Fires and Fights: Firefighting Iconography

The White Turtle & the Red Crab of Philadelphia serves as a whimsical new addition to the Library Company’s collection of firefighting certificates, satires, and photographic views. These documents are a window into the types of engines, uniforms, and mascots associated with 19th-century firefighting. The pseudonymous artist and printer of this new acquisition remain a mystery, although one might guess that they served in a volunteer fire company, as did lithographers James Queen and Nathaniel Currier. Perhaps “Priff” or “Jonas” was a member of the “winning” Northern Liberties Hose Company (White Turtle), whose fire house at New Market Street above Coates Street was just a few blocks from the Lafayette Hose Company (Red Crab) at Fourth Street above Brown Street.

Click on images for a larger view.

Order of Arrangement for the Consecration of the Soldiers’ Cemetery… (Philadelphia, 1863).

Jonas (pseud.). The White Turtle & The Red Crab of Philadelphia (Philadelphia: Published and printed by Priff [pseud.], ca. 1852). Lithograph, hand-colored. Acquired from the Jay T. Snider Collection.

This print, later reproduced in a late-19th-century Jacob Reed & Son uniform manufactory advertisement, shows the moment the two companies met racing to a bonfire near Eastern State Penitentiary during a weekend of fires throughout the city. Despite the jovial nature portrayed in this event, the pig was not the only casualty of this competition on July 25, 1852, between the hose companies, both incorporated in 1840.

Firefighters fought not only blazes, but each other. Criticism of the violent behavior, staged fires, and competitive races had long plagued the volunteer companies of the mid-19th century. Absent from this scene was the Northern Liberties company member stabbed by a Lafayette member, a violent altercation repeated a few months later when several volunteers were severely injured.

E. W. Carryl, Army and Navy Goods (Philadelphia, 1861).

Robert Newell.[William Penn Hose Company steam engine and fire fighters in front of the company fire station on Frankford Road near Franklin Avenue, Philadelphia] (Philadelphia, 1865). Albumen print on stereograph mount. Bequest of John A. McAllister.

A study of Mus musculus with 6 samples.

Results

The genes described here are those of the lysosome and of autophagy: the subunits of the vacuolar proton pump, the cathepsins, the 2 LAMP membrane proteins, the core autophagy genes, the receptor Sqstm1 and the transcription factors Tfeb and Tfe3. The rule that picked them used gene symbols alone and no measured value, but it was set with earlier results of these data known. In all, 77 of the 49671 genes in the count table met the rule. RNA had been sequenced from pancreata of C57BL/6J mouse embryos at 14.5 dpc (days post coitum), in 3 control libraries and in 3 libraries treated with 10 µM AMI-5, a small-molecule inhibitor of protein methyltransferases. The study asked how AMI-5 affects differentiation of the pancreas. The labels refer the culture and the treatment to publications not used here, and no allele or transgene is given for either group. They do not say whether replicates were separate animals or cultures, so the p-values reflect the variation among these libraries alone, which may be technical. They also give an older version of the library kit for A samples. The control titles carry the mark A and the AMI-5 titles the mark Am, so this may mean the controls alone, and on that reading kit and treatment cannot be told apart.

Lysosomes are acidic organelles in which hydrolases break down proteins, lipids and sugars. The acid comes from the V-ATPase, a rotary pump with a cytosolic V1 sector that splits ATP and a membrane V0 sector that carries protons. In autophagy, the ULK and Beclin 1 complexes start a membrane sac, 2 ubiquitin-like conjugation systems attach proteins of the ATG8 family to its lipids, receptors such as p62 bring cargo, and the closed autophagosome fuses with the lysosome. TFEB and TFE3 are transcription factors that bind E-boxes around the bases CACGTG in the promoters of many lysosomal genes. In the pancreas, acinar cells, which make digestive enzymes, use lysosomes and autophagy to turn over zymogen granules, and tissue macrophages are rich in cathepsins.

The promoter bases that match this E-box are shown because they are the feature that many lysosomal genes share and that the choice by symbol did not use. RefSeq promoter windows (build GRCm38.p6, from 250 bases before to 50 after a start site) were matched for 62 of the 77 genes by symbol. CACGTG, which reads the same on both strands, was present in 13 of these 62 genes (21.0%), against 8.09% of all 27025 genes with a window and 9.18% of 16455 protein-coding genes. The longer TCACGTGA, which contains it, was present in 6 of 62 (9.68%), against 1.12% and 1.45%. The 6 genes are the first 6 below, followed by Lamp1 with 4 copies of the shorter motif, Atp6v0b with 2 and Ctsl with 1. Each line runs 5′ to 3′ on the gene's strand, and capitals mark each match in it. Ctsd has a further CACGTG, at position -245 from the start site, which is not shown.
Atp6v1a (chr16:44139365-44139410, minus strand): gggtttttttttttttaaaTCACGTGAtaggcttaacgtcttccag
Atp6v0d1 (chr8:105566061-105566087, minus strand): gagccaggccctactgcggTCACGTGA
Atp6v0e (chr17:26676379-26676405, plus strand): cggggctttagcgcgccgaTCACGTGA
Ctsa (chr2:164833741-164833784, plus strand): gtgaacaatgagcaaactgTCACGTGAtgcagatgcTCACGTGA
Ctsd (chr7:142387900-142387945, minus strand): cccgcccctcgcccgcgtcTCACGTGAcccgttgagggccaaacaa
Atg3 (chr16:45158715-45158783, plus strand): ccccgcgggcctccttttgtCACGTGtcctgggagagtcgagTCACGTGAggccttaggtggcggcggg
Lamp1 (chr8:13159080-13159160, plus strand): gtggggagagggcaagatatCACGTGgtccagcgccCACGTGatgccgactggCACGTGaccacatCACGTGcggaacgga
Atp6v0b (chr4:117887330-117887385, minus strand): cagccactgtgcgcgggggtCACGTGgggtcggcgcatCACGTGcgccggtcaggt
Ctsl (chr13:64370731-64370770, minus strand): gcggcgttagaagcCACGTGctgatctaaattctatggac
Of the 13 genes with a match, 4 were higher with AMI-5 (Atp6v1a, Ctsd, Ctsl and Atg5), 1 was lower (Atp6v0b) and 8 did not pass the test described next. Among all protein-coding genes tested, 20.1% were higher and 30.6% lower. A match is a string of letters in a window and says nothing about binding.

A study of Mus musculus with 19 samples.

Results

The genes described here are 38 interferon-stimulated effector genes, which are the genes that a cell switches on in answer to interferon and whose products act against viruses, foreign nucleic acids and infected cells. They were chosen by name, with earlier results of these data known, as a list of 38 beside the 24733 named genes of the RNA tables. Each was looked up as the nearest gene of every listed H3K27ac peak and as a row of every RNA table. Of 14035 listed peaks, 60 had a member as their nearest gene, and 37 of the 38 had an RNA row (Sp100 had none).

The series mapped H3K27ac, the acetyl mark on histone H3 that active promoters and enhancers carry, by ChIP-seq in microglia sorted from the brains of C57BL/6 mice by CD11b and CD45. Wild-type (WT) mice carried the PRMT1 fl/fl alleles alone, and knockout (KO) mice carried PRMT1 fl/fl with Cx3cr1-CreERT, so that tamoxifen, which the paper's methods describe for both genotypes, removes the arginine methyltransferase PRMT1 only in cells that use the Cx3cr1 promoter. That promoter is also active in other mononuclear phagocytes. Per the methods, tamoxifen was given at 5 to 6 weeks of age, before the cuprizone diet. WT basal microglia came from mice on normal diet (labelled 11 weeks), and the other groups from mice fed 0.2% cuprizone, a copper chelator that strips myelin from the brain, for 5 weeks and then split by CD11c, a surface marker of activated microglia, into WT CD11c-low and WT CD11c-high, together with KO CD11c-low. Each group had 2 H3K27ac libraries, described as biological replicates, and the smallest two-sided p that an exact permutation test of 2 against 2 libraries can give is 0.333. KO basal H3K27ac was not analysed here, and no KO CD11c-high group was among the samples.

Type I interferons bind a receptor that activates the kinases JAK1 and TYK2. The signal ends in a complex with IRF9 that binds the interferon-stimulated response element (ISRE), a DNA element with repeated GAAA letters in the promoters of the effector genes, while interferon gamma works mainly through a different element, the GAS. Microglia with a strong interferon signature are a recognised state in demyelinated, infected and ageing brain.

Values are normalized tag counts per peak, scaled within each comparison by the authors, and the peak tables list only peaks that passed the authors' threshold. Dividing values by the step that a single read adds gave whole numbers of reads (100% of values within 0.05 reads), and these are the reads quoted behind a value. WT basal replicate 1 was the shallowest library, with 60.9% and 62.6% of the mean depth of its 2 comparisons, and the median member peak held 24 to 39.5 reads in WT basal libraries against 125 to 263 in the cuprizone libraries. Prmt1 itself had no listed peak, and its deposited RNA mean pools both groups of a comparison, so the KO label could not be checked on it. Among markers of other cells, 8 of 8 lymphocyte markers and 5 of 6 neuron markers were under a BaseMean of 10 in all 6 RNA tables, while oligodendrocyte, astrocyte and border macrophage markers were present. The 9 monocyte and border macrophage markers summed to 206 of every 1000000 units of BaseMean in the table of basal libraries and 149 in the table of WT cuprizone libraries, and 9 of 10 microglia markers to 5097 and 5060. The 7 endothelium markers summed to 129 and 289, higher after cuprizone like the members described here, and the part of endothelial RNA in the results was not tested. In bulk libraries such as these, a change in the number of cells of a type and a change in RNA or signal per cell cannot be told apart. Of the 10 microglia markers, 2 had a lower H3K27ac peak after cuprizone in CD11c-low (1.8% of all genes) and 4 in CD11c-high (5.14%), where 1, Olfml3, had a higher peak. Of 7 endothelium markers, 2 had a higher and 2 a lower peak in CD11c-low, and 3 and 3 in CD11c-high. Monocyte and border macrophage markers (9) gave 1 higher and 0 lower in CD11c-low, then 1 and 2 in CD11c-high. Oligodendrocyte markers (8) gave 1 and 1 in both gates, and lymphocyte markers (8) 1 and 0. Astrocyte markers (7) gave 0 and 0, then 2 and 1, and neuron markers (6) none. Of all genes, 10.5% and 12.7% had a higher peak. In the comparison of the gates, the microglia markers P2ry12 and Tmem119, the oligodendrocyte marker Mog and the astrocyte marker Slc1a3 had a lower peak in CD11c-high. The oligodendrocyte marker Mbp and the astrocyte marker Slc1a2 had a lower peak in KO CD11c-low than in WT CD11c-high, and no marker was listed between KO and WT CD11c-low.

R. Newell & Son, Ordnance Dept. Phila. Navy Yard . Albumen print photograph (Philadelphia, ca.1862).

Robert Newell.[Hand-in-Hand Fire Company fire fighters and steam engine in front of the company fire station at Ninth Street above Poplar Street, Philadelphia] (Philadelphia, ca. 1865). Albumen print on stereograph mount. Bequest of John A. McAllister.

R. Newell & Son, Ordnance Dept. Phila. Navy Yard . Albumen print photograph (Philadelphia, ca.1862).

Robert Newell. [Goodwill Fire Company's horse-drawn ambulance in front of the company fire station on Race Street below Broad Street, Philadelphia]. (Philadelphia, 1865). Albumen print on carte-de-visite mount. Bequest of John A. McAllister.

 

Philadelphia volunteer firemen also used the medium of photography to disseminate a positive image of their vocation. Photographer Robert Newell issued a series of cartes-de-visite and stereograph views of Philadelphia fire companies during the 1860s. Although the firemen served as a built-in market for these views, the general public also purchased the photographs for use in albums or viewing in a stereoviewer. These photographs show the members, stations, and equipment of the William Penn Fire Company (est. 1830), the Hand-in-Hand Fire Company (est. 1741), and the Goodwill Fire Company (est. 1802). The company mascots and spectators posed among the members with their steam engine, hose carriage, and ambulance add to the informal nature of the scenes.

R. Newell & Son, Ordnance Dept. Phila. Navy Yard . Albumen print photograph (Philadelphia, ca.1862).

A Paid Fire Department. As It Is Likely To Be Under the Contract System (Philadelphia: J. L. Magee, Publisher, 305 Walnut St., 1853). Lithograph.

 

A volunteer fire fighting system based initially on bucket brigades (and later hooks) and an engine had served the city since the late 17th century. In 1736, the first volunteer company, the Union Fire Company, was formed at the suggestion of Benjamin Franklin, and for nearly 150 years the volunteer system operated until an ordinance for a paid department finally passed in 1870. In early 1853, public meetings were held to discuss the reform movement for a paid department, which had been spearheaded for nearly a decade by the insurance trade. The movement became a point of public debate ripe for satire. Not surprisingly, the volunteer companies opposed the change, and lithographer John L. Magee, possibly a volunteer himself, “presented” their side. Portraying members of a paid fire department as old, apathetic, drunk, and inept hacks, the message of the cartoon proved persuasive. It took nearly another two decades for the establishment of a paid department.